What a way to learn biology, particularly about the intriguing interactive processes behind our sense of taste. If they’d had this idea in school, I’m sure I wouldn’t have flunked the exam.
At first glance, the invitation seemed most strange, maybe a premature April Fool's joke: dinner in a science museum! But further reading showed it to be the creative brainchild of FromVineyardsDirect, one of Ireland’s leading wine distributors under the leadership of general manager, Stuart Smith, and the Science Gallery in central Dublin. They’d combined their skills and expertise to highlight a special exhibition entitled, ‘Edible - the taste of things to come.’
Not only was there to be a homemade, five-course dinner with wine tasting but most of the ingredients were sourced from and around a particular farm and vineyard in Tuscany, one of my favourite culinary regions in Europe.
The hosts had persuaded English-born Charlotte Horton and her younger brother, Alexander, to travel to the Emerald Isle’s capital city with various products from their very own, Castello di Potentino in Provincia di Grosseto is in southern Tuscany. Ably helped by an enthusiastic band of assistants, they prepared on-site a veritable feast for the evening, on the second floor of the museum, just around the corner from Trinity College Dublin, the erstwhile academic home of literary luminaries such as Oscar Wilde and Bram Stoker, the centenary of whose death is commemorated this year.
Guests gathered together around a large circle of tables began with generous slices of unpasteurized cheese from sheep raised by Charlotte’s neighbors, Angela and Aldo on nearby Monte Amiata, the highest mountain in Tuscany. This was accompanied by Charlotte’s chilled, Lyncurio, a white wine obtained from the pinot noir variety. Named after a mythological curative stone strongly associated with Bacchus, I could well imagine such an illustrious Diety and his pals giving their full-throated approval to this nutty, complex elixir.
A tasting of the new season’s olive oil produced on Charlotte’s property followed, with guests imbibing and chatting merrily. Dipping large slices of fluffy, home-made bread in the golden-emerald liquid and licking our lips in appreciation of the oil’s subtle flavors was a most delightful activity. Pasta using bottarga pesto –known as the poor man’s caviar - served with Charlotte’s Piropo 2008, a pinot noir, was next. Bottarga is dry roe of grey mullet or other fish, waxed and served normally as an appetiser.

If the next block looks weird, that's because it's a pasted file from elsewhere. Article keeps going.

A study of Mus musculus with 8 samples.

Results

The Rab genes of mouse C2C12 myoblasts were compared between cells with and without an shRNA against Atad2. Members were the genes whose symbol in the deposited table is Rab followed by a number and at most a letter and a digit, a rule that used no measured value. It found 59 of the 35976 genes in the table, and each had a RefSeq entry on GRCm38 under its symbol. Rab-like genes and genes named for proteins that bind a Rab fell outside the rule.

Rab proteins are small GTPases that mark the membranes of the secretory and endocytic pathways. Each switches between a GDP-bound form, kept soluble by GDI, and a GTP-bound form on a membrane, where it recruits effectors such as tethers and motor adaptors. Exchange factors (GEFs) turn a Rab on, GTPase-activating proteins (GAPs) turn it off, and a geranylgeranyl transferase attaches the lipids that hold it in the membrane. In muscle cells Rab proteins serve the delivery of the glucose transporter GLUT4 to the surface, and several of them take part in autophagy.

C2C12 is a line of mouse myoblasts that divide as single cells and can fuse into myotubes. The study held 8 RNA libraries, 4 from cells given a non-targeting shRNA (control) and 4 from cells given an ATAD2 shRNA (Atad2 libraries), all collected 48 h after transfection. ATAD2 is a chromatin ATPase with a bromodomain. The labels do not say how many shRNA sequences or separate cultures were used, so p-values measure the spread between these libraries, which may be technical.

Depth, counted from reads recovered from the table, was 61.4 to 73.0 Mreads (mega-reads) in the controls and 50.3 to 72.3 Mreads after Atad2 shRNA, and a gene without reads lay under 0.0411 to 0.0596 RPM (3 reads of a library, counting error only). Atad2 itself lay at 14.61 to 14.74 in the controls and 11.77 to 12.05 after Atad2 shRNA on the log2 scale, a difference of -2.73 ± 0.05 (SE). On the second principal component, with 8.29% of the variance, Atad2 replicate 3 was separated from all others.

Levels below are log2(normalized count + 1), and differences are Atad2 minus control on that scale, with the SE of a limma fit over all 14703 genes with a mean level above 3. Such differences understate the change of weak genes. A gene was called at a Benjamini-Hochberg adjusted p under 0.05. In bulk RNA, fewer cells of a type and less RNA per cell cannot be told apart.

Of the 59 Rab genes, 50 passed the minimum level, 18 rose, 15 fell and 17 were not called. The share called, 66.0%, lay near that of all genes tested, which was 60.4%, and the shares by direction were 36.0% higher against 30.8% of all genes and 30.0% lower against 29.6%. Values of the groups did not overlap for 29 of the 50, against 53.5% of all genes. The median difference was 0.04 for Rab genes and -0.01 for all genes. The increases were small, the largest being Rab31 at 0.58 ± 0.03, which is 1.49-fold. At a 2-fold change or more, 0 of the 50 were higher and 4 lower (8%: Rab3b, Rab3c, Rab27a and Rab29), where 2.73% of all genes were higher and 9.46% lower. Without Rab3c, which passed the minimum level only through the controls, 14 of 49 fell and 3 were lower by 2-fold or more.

The wine working its wonders and the evening in full swing with everyone seeming to meet new friends, the main dish was served - a plate of delectable, homemade pork sausages bursting with tantalizing flavor, cooked in wine and accompanied by broad beans and bitter greens (fave e foglie). Stuart was keen for me to finish my last drop of Piropo so he could present me proudly with his ruby Sangiovese – Sacromonte Montecucco Rosso. He called it a table wine but I deign to disagree, though a gilded image of 19th century Italian bohemians debating passionately around a bar table about literature, art and philosophy did come to mind as I drank generously. Sitting with so many others, conversation rising and falling in rapid rhythms and seeing plates refilled from the gigantic metal bowls behind us, this image was enhanced even more.
The coup de grace of the evening was Alexander’s chocolate pot, incorporating a delicate mix of Maldon sea salt and lavender, which left us well and truly satiated.
With Alexander’s love of cooking and perfume-making combined with Charlotte’s wine-making skills, I am looking forward to the promise they might open a wine bar in London. But just in case, I’ve already started looking into flights to Tuscany.